The Department of Education has spent more money this calendar year than any other city agency, racking up enough expenses to account for about a quarter of total city dollars.
That’s one nugget from of a host of financial information now available through a database Comptroller John Liu’s office launched yesterday that gives real-time updates to city expenses.
The database, called “Checkbook NYC,” currently reports around $40 billion in spending across city agencies since January 1. During that time, the Department of Education spent more than $10 billion.
The site lists each city agency’s total spending, then breaks down that total into categories of spending. For the DOE, those categories include central administration spending, general and special education instruction and school leadership, school food and student transportation. From there, users can click through and see each how much the department spent on individual transactions with vendors.
A few other interesting tidbits:
- The DOE has spent more than $165 million so far on central administration, an area that critics often targets because it’s the least directly tied to students and schools. Since 2008, the DOE has cut the central budget by nearly 20 percent, Chancellor Joel Klein told City Council at a hearing in May.
- Of the central administrative expenses, $72 million was spent on areas other than employee payroll. The largest individual chunk of that spending was on a category called “other professional services,” which includes vendors who contract on such services as recruiting, high school admissions and parent outreach.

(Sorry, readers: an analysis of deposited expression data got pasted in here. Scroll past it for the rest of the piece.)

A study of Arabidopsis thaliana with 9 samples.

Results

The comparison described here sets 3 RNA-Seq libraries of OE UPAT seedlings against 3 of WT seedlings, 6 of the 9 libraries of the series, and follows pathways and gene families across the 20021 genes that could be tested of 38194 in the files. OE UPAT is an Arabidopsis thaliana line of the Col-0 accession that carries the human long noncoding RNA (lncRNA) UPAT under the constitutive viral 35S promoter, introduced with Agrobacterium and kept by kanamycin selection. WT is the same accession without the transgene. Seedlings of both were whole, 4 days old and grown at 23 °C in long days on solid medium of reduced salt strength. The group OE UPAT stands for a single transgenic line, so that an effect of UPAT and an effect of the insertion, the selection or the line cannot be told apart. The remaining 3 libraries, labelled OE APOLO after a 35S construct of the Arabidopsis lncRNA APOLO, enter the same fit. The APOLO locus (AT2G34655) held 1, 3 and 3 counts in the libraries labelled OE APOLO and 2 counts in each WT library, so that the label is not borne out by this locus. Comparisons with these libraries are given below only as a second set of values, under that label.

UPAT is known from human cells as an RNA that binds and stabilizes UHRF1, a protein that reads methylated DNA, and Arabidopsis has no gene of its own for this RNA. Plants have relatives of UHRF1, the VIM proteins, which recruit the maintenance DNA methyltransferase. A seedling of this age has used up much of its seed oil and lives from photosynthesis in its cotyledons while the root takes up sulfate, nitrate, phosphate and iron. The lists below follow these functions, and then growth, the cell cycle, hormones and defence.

- The city has also spent nearly $32 million this year so far on professional development and curriculum services, which the database breaks down by school or program.
The comptroller’s site is still a bit buggy. For example, the default view when you first log on automatically shows total city spending at just over $11 billion. That’s far too low to be the city’s total expenditures for the year so far. The correct figure only appeared when I plugged in the correct date ranges for the actual year so far, between January 1 and June 30. The total spending figure over that time is $40.7 billion citywide sum.